T-Shirt, Gift Card Giveaways Raise Blood Drives' Success

TUESDAY, May 8 (HealthDay News) -- Incentives such as gift cards, T-shirts and coupons encourage more people to donate blood, a new study finds.

Researchers analyzed data from 14,000 blood drives involving 500,000 donations in the United States, along with evidence from a field experiment. They found that incentives led to a 15 percent to 20 percent rise in the number of people taking part in blood drives.

Incentives did not change people's key reasons for donating blood but did pull donors away from other blood drives that did not provide incentives, according to the study, which was published in a recent issue of the American Economic Journal: Economic Policy.

"It's a pretty remarkable increase [in donor numbers]," study co-author Nicola Lacetera, an assistant professor of strategic management at the University of Toronto's Rotman School of Management, said in a university news release.

Other studies have produced similar findings.

"One study at a time, we believe we are building pretty robust evidence that there is a positive response to rewards," Lacetera said.

About 30 percent to 40 percent of American Red Cross blood drives offer some type of incentive. Fewer than 10 percent of people in the United States and Canada donate blood, however, and blood shortages are the norm.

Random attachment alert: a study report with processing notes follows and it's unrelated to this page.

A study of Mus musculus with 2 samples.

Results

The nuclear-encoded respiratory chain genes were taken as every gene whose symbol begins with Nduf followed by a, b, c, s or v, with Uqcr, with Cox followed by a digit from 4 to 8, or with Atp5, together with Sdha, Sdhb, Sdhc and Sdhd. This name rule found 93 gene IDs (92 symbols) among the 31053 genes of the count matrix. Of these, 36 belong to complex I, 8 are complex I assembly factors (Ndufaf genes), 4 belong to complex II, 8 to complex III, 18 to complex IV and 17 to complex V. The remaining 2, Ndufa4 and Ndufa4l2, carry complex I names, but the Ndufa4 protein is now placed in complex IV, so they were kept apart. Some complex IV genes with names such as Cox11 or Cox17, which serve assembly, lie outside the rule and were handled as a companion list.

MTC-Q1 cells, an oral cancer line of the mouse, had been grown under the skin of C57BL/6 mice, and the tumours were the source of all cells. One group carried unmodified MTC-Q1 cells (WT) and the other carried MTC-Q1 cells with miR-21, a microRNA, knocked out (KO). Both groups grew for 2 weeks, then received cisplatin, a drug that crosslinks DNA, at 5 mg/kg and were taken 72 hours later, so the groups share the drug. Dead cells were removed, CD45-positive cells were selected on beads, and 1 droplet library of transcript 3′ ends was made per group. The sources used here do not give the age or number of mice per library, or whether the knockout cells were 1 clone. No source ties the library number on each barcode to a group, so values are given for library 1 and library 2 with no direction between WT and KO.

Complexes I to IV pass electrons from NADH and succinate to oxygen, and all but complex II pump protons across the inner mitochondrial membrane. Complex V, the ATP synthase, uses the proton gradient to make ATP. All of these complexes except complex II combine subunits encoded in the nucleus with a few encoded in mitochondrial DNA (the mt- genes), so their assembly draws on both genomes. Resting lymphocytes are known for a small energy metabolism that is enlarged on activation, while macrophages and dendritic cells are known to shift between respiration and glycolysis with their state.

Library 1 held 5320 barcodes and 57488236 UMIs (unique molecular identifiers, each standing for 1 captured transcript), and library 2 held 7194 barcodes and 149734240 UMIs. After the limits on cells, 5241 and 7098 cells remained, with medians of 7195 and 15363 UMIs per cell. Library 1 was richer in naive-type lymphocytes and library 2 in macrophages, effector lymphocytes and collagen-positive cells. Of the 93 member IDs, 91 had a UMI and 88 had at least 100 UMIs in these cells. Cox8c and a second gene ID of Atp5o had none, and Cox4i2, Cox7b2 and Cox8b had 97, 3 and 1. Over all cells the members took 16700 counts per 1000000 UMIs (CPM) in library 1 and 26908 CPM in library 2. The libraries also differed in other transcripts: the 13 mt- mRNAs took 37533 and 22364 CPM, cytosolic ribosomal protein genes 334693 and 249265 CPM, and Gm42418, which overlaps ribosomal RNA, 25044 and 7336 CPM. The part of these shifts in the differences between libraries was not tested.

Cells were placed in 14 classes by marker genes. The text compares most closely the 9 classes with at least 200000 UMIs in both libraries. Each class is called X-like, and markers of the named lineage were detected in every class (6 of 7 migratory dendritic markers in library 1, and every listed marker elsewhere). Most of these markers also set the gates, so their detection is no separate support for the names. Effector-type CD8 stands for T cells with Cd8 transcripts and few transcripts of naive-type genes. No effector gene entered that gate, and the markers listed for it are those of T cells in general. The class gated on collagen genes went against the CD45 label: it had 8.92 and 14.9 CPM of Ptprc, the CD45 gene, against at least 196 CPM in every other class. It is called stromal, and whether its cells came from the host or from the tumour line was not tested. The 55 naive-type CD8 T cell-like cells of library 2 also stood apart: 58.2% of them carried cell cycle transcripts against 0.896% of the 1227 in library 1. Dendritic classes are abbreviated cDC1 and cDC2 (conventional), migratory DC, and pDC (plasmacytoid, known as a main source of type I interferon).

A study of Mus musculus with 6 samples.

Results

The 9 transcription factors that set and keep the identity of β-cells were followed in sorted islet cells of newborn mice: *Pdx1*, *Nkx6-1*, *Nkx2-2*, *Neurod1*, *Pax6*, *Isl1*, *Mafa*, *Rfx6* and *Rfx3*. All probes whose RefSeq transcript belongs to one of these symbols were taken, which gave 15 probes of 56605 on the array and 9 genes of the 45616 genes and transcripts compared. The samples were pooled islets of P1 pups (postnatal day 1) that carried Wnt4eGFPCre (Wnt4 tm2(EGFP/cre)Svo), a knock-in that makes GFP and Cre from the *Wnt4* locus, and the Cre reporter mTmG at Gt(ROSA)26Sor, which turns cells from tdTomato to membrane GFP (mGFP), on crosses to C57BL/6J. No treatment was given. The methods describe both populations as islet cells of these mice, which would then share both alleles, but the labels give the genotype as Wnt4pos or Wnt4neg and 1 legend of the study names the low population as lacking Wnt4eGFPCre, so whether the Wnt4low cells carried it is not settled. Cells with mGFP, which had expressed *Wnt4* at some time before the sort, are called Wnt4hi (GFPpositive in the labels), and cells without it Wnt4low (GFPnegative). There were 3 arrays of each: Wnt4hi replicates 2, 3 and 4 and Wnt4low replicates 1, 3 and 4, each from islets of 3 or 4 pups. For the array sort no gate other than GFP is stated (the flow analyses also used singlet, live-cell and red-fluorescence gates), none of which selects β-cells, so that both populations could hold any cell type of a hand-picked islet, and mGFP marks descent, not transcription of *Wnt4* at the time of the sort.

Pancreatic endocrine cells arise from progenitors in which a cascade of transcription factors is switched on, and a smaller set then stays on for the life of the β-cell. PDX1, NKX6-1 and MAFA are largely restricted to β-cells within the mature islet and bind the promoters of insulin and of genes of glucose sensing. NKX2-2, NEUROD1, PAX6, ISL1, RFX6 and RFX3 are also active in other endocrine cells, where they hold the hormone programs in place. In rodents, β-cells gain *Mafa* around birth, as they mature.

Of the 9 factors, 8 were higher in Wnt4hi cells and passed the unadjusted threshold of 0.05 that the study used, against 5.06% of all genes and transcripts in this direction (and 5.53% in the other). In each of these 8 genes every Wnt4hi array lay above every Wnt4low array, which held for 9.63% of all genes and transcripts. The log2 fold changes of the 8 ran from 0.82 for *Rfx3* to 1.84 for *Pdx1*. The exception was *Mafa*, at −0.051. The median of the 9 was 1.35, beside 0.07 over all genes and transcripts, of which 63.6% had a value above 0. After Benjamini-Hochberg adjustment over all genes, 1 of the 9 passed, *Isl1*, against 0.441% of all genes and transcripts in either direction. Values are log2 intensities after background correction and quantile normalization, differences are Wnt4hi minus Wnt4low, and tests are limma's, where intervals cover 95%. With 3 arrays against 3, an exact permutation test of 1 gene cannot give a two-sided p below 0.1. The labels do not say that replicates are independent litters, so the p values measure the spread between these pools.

More information

The U.S. Food and Drug Administration has more about blood donation.

SOURCE: University of Toronto, news release, May 2, 2012

Related Articles

Learn More About Sharp
Sharp HealthCare is San Diego's health care leader with seven hospitals, two medical groups and a health plan. Learn more about our San Diego hospitals, choose a Sharp-affiliated San Diego doctor or browse our comprehensive medical services.

Health News is provided as a service to Sharp Web site users by HealthDay. Sharp HealthCare nor its employees, agents, or contractors, review, control, or take responsibility for the content of these articles. Please read the Terms of Use for more information.